Embracing Impermanence: How To Let Go and Find Inner Peace
Change is the only constant in life, yet why do we often resist it? As human beings, we crave permanence and stability. We want things to stay the same, but the truth is, nothing ever does. Everything around us, including ourselves, is in a constant state of flux. This is where the concept of impermanence comes in, which means that everything is always changing. In this blog post, we’ll dive deep into the meaning of impermanence, its benefits, and how to embrace it.
Impermanence is a fundamental Buddhist concept that refers to the inherent transience of all things. According to Buddha, the root cause of suffering is craving and attachment. When we are attached to something or someone, we fear losing them, and this fear of loss leads to suffering. Impermanence teaches us that everything around us is ever-changing, and nothing lasts forever. When we realise this, we can learn to let go of our attachments and live in the present moment.
Benefits of embracing impermanence
Embracing impermanence brings many benefits to our lives. First and foremost, it helps us let go of our fears and anxieties. We no longer worry about losing things or people because we understand that everything is temporary. This leads to greater inner peace and freedom from suffering. Secondly, it helps us appreciate the present moment. When we know that everything is fleeting, we learn to savour the moments and cherish the people around us. This, in turn, leads to greater happiness and fulfilment.
How to embrace impermanence
Embracing impermanence is not easy, but it is possible with practice. Firstly, we need to acknowledge the reality of impermanence and cultivate a sense of acceptance towards it. We can meditate on impermanence and contemplate on the nature of change and the inevitability of endings. Secondly, we need to let go of our attachments and loosen our grip on our desires. We can practise mindfulness and be aware of our thoughts and emotions. When we notice ourselves becoming emotionally attached to something or someone, we can let go and remind ourselves of impermanence.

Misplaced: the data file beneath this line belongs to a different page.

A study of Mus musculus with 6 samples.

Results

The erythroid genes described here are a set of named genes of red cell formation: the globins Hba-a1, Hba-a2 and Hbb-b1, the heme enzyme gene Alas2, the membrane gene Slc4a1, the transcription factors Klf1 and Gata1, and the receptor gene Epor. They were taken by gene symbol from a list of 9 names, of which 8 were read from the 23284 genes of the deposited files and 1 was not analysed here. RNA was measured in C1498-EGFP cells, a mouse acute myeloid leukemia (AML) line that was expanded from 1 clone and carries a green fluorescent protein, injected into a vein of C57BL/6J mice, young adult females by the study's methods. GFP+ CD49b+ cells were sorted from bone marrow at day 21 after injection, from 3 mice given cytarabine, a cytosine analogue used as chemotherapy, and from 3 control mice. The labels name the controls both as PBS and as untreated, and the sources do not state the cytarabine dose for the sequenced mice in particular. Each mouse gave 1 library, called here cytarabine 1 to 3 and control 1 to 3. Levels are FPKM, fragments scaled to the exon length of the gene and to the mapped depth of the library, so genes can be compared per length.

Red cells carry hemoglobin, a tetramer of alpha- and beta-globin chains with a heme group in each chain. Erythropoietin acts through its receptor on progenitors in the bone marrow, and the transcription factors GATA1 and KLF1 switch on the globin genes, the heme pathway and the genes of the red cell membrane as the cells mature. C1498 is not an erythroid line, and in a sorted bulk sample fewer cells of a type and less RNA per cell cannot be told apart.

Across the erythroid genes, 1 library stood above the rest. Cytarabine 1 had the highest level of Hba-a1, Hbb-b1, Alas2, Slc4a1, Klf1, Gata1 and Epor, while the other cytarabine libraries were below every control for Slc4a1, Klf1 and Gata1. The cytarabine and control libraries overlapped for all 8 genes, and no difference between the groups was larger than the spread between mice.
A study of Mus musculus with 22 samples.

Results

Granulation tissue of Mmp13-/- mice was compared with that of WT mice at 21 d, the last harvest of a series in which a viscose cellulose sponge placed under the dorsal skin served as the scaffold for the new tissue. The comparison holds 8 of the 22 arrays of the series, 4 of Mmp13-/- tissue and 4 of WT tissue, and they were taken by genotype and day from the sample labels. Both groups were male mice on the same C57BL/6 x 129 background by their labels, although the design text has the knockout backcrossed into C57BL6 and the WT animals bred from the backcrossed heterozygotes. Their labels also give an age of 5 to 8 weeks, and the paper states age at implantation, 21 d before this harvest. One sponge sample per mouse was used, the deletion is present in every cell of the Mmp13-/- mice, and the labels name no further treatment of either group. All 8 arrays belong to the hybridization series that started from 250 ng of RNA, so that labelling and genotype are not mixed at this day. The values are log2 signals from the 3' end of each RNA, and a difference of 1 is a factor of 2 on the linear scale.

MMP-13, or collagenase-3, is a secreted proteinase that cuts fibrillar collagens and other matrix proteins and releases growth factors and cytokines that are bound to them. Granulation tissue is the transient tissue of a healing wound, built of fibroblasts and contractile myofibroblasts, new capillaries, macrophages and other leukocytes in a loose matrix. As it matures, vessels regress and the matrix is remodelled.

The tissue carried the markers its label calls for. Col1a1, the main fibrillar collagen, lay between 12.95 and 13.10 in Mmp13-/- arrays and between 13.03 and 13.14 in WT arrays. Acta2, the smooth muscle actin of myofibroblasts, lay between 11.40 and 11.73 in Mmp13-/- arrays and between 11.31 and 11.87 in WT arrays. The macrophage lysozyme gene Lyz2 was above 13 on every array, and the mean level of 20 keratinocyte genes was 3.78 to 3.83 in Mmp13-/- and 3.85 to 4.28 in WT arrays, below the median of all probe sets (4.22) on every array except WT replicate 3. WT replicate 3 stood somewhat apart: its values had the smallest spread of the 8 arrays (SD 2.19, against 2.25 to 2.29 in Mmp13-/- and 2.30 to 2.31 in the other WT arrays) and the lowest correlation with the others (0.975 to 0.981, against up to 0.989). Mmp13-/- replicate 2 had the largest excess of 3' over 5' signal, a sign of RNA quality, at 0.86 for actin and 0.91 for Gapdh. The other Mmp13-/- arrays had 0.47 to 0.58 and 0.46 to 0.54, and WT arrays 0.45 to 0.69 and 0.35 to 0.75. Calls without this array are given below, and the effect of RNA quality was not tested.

Examples of impermanence
Impermanence is all around us. The changing seasons, the passing of time, and the ageing of our bodies are all examples of impermanence. Relationships, jobs, and even our thoughts and feelings are impermanent. When we realise that nothing lasts forever, we can appreciate the beauty and value in every experience. Impermanence reminds us to treasure the good times and to learn from the difficult times.
Embracing impermanence in daily life
Embracing impermanence is not just a philosophy; it is a way of life. We can practise impermanence in our daily lives in many ways. We can appreciate the beauty of a sunset knowing that it will only last for a few minutes. We can cherish our relationships and be present with our loved ones, knowing that life is fragile. We can even practise impermanence in our possessions, decluttering and letting go of things that no longer serve us. Embracing impermanence allows us to live more fully and appreciate the moments we have.
In conclusion, impermanence is not something to be feared but instead embraced. When we realise that everything is fleeting, we can learn to let go of our attachments and live in the present moment. Embracing impermanence brings many benefits to our lives, including greater inner peace and happiness. By understanding impermanence and practising mindfulness, we can let go of our fears and anxieties and truly appreciate the beauty of life.
Want to know more? Discover more about the benefits of scientific mindfulness meditation for self-compassion in Dr. Elise Bialylew’s book The Happiness Plan 💛
"If we wish to be healthy, happy and clear-minded, we need to upgrade our “inner technology”of attention to meet the demands of our increasingly complex world. That's where mindfulness comes in.."
- DR ELISE BIALYLEW
about the HOST AND FOUNDER OF
MINDFUL IN MAY:
DR ELISE BIALYLEW
Elise Bialylew is the author of the bestselling book, The Happiness Plan, and founder of Mindful in May, the world’s largest online global mindfulness fundraising campaign.
A doctor trained in psychiatry, turned social entrepreneur and mindfulness expert, she’s passionate about supporting individuals and organisations to develop inner tools for greater wellbeing and flourishing, and offers workshops and training at The Mind Life Project.
Her work has been featured in the Huffington Post, New York Times and on Australian Television. She was recently recognised by the Australian Financial Review as a 2019 AFR Women of Influence.